SATURDAY night's all right for rocking, never mind what Elton John may say about fighting. And Saturday March 8th was a day filled to the brim with rock and metal
While Darren and Dawn Shields-Pettitt were doing a fantastic job with all the bands at Blazefest once again raising money for the Royal Belfast Hospital for Sick Children there were rumours of earth tremors in Ormeau Avenue.
At Limelight2 The Distortion Project's evening show the sludge and doom was causing earth tremors. at such a peak that the Royal Geological Society were monitoring reports that the tectonic plates underneath all of Ireland were reverberating.
While the vagaries of public transport meant we missed Maw, by all accounts the two-piece were superb.
Owlcrusher's down-tuned doom sludge threatened to liquefy internal organs not already fried by alcohol. Songs merged into each other in a hypnotic drone that was strangely entrancing.
A dazed audience then faced the prospect of Okus, with a technical take on powerful doom and elements of modern metal. Their set was varied and ultimately a powerful statement of potential.
Reports that the earth's tilt and magnetic field were changing emerged by the time War Iron's Black Fleet had powered through the foundations of the venue and the audience's soul.
War Iron are a band that don't believe in fucking about with those nancy boy six strings, and instead have two bass guitars to keep the bottom end booming with evil intent.
Procession of the Equinox and Of Prophecy and Alchemy rounded off the set, producing a strange glow amongst the audience. For such a doom-laden, bottom ended set, what it did produce were a lot of happy punters including the Belfastmetalheads Black and Death Metal editorial assistant (Zakk) who gave the show a knowing nod of approval.
As if that was not enough for a weekend of gigs (see the review of Friday night's Jizzy Pearl's Love/Hate here and review of Sinocence and Blazefest on our colleague Mark Ashby's pages) it was then a measured move on to the Voodoo where proceedings stepped up into full throttle.
A full-on take on thrash and hard, humourous metal lay in wait.
Acid Age opened proceedings with a set that merged technical prowess with short, sharp blasts of old school thrash. The band have undoubtedly set themselves along a path that pays homage to the founders of the movement and incorporates the more modern thrash scene.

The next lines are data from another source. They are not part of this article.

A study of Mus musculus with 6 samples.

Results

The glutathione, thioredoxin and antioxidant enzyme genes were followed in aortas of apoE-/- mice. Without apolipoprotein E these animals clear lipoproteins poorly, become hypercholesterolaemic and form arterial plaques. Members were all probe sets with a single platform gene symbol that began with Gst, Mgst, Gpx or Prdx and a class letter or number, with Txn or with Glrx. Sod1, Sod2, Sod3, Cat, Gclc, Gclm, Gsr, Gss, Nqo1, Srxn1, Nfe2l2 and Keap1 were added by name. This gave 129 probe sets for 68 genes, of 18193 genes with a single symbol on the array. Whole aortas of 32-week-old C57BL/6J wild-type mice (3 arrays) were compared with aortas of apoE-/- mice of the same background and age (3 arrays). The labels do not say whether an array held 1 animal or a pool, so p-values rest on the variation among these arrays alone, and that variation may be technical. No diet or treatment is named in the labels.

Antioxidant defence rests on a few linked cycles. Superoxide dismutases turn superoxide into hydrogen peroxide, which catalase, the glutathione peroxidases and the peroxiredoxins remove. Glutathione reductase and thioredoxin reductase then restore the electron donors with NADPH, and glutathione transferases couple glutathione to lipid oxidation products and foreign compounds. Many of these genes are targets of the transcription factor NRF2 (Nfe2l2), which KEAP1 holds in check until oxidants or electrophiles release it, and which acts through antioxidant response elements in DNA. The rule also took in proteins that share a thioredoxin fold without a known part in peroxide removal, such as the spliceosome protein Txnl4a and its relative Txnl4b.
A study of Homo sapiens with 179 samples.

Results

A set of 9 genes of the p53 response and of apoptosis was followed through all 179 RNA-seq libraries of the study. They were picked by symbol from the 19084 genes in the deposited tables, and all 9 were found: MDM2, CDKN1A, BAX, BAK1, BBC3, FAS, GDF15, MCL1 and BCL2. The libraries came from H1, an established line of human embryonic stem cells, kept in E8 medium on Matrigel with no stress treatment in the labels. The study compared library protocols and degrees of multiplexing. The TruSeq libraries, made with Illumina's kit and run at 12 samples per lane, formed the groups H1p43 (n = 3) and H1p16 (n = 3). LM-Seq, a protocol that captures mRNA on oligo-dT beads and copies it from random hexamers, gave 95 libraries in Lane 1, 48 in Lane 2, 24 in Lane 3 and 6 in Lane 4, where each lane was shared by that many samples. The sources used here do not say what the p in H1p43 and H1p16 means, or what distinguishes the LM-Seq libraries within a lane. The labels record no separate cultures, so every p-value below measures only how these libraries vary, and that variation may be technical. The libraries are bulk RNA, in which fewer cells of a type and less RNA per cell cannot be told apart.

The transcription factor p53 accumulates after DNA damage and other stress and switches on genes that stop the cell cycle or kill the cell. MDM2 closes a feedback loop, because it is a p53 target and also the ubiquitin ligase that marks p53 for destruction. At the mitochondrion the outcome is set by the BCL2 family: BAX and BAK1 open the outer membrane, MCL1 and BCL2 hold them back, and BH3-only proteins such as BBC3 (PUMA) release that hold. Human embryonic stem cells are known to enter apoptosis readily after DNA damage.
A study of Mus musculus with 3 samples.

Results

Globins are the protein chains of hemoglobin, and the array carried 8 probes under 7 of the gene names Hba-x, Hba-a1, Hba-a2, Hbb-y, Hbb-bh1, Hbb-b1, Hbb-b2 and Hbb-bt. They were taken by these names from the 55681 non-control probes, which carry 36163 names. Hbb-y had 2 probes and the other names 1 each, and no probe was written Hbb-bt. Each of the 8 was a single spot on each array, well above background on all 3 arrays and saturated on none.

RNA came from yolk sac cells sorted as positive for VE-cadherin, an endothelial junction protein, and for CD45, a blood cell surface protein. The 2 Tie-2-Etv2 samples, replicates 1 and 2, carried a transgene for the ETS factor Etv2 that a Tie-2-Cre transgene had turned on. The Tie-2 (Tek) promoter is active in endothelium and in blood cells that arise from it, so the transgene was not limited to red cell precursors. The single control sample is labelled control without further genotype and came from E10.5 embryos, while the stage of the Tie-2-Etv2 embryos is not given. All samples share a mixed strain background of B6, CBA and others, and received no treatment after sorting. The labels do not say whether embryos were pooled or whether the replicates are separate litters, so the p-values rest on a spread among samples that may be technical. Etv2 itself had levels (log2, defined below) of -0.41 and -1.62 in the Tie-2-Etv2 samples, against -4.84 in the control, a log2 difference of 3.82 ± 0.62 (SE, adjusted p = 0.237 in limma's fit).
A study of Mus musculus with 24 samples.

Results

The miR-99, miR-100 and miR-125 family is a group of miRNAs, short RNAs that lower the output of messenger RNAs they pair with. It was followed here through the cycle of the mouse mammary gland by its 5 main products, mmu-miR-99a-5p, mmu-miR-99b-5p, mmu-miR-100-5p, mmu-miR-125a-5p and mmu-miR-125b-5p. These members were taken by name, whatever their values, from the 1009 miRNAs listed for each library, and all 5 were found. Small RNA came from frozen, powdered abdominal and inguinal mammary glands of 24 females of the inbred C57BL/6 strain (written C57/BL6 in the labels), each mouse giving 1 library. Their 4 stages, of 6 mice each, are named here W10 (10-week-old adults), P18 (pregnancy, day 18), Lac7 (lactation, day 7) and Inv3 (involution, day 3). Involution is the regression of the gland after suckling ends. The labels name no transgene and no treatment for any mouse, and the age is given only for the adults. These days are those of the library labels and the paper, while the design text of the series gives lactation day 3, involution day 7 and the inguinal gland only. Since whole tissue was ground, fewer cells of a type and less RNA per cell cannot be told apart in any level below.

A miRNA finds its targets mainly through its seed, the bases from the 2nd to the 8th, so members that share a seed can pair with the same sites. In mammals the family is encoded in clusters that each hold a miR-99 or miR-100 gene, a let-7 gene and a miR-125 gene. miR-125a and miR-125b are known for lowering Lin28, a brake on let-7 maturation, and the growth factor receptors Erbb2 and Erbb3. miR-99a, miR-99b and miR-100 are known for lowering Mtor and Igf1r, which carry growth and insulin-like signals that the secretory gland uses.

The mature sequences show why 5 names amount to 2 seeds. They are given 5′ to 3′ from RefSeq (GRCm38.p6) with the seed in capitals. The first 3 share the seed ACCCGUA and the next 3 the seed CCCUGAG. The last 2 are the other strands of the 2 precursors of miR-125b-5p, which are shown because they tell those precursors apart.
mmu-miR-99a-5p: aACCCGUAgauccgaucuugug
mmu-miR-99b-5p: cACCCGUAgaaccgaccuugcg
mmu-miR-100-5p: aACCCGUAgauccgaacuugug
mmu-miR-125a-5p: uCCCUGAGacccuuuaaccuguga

Scimitar appeared to have as band that as grown up a lot since their early shows. Again there was much technical prowess on display and also song arrangements that took the thrash/metal template a little further making each element of their set distinctive.
The inclusion of Defyed, on the face of it, seemed a little out of place, as they are more recognised from appearances on hardcore line-ups.
However, mixing the elements of metal and hardcore clearly works: at times it appears as if Soulfly and Hatebreed have been bred into their songs. Wayne is ever more confident and Steve is possessed by demons of metal wielding his bass as if it was a trophy from a human hunt.
An international audience (with Scottish, Irish and Filipino members...) awaited Gama Bomb's appearance. Tales of zombies, robotic cops and William Defoe were all to the fore - as one would only expect.
If you like thrash and want a band that straddles early 80s thrash and contemporary rock influences but clearly with their own 'take' and identity then you will find it all with Gama Bomb.
A well-balanced set, with a mixture of classic Bomb songs with recent tracks from The Terror Tapes clearly were both crowd-pleasing and relevant to where they are in 2014.
With the band writing a new album it is clear that Gama Bomb deserve to be much more widely heard - one listen to the live thrust of 'We Started The Fire' should, in a just universe, convince all to bow before the Gama Bomb attack. At the Voodoo the adulation of the audience clearly showed that when you 'get it' you get hit hard with the Gama Bomb bug.
Heads spinning we then headed to meet up with some of the audience from Blazefest before a welcome taxi collected us.
To round up the evening we found ourselves with a taxi driver from Iceland who pointed out that there was never any problems with rock and metal fares compared to 'the rest', that Icelandic radio played rock and metal all the time, the island being the youngest country in geological terms and there are so many 'quakes that they pass unnoticed was an appropriate conclusion to an evening that started with such earth shattering power.